US officials warn Turkey not to lose ISIS focus in Syria

Chief Pentagon spokesperson Dana White discusses efforts to persuade Turkey to limit its offensive in Afrin

WASHINGTON — New fighting was touched off Monday in Syria after Kurdish fighters confronted Turkish troops. The fighting — not far from Afrin, an area held by Kurdish forces — is approximately 70 miles from where U.S. troops are training moderate Syrian forces.

U.S. national security and military officials said Turkey is in a difficult position but must remain focused on defeating ISIS.

“We’ve told turkey we want this to be limited,” Dana White, Pentagon chief spokeswoman told WTOP.

“Turkey is a NATO ally, and Turkey is the only NATO ally with an active insurgency within its borders, so its security concerns are legitimate, and we’re talking to them about it. We’re fully engaged, and we are working with them to combat some of the terrorist threats that they face.”

But in the process, there is concern that as Turkey branches out in its quest to neutralize terror threats, its actions — namely airstrikes — might put U.S. troops at risk.

The Pentagon is keenly aware of it, White said, and ready to deal with it.

“What the U.S. military does is innately dangerous. We’re working by, with and through our partners, and we always reserve the right of self-defense. But we are working with Turkey to ensure that they de-escalate this offensive, that they limit it, and again, that all parties focus on defeating ISIS.”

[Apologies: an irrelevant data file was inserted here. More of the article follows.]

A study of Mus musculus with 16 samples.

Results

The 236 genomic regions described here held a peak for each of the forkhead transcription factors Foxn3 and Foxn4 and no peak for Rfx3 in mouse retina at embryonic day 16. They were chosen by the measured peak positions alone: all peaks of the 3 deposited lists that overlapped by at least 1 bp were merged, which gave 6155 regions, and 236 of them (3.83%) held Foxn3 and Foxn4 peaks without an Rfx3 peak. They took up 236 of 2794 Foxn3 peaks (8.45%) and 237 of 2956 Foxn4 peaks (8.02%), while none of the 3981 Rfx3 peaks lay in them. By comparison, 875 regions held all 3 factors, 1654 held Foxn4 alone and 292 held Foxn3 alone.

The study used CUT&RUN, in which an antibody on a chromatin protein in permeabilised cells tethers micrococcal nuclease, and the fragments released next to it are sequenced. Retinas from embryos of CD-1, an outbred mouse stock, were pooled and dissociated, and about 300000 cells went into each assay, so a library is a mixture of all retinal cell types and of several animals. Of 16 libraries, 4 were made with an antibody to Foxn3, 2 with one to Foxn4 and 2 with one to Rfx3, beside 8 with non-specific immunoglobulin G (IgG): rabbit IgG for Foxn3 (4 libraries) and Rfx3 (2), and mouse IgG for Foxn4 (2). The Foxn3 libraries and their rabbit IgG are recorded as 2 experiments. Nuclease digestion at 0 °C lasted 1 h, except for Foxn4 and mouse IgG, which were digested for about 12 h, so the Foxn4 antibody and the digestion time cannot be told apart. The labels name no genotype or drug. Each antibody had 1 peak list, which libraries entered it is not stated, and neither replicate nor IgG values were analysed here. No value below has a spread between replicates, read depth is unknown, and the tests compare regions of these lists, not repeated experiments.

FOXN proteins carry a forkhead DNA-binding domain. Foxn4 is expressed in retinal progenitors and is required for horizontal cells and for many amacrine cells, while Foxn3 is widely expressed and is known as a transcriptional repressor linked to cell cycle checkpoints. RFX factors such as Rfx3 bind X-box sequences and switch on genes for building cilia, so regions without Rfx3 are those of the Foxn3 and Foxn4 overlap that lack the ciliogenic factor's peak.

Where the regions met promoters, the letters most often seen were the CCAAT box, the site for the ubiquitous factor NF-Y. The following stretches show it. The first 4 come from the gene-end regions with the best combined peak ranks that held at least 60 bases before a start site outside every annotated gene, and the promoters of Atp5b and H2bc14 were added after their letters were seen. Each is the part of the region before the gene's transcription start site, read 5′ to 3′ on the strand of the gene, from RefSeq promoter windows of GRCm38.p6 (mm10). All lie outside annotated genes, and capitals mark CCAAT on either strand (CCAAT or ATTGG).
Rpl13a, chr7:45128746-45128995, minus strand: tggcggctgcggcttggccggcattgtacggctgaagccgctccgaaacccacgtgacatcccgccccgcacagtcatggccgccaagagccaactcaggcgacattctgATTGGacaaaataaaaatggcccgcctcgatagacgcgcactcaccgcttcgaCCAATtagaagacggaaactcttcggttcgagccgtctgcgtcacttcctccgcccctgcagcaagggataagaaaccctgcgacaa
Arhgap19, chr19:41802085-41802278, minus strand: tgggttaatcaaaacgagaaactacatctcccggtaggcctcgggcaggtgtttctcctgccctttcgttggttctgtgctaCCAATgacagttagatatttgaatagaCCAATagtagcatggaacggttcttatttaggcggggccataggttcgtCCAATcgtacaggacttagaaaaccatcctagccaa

The Department of Defense approach is a part of broader Trump administration approach to quell the dangerous Turkish offensive.

A National Security Council spokesman told WTOP that the U.S. has to think about the other part of the equation.

“We are already working closely with Turkey to address the threat that the Kurdish Workers’ Party [PKK] poses to Turkish security, and we will not accept PKK attacks against Turkey.”

But the spokesman echoed White’s comments: “We have discussed with Turkey the need to ensure its operations are limited in scope, to ensure humanitarian aid continues and to avoid civilian casualties.”

The concern is “over the potential for an unintended incident in Manbij, Syria, where coalition forces continue stabilization efforts to ensure the lasting defeat of ISIS,” the spokesman said. “Heated rhetoric and the variety of armed local groups create risk for miscalculation.”

The main concern for both military and political officials is preventing the Syrian military and government from taking advantage of the chaos in Afrin.

“The Syrian regime did not have a presence in Afrin, and we want to ensure that no party allows Assad’s brutal regime back into this area while we work to resolve the conflict through the Geneva process,” said the NSC spokesman.

J.J. Green

JJ Green is WTOP's National Security Correspondent. He reports daily on security, intelligence, foreign policy, terrorism and cyber developments, and provides regular on-air and online analysis. He is also the host of two podcasts: Target USA and Colors: A Dialogue on Race in America.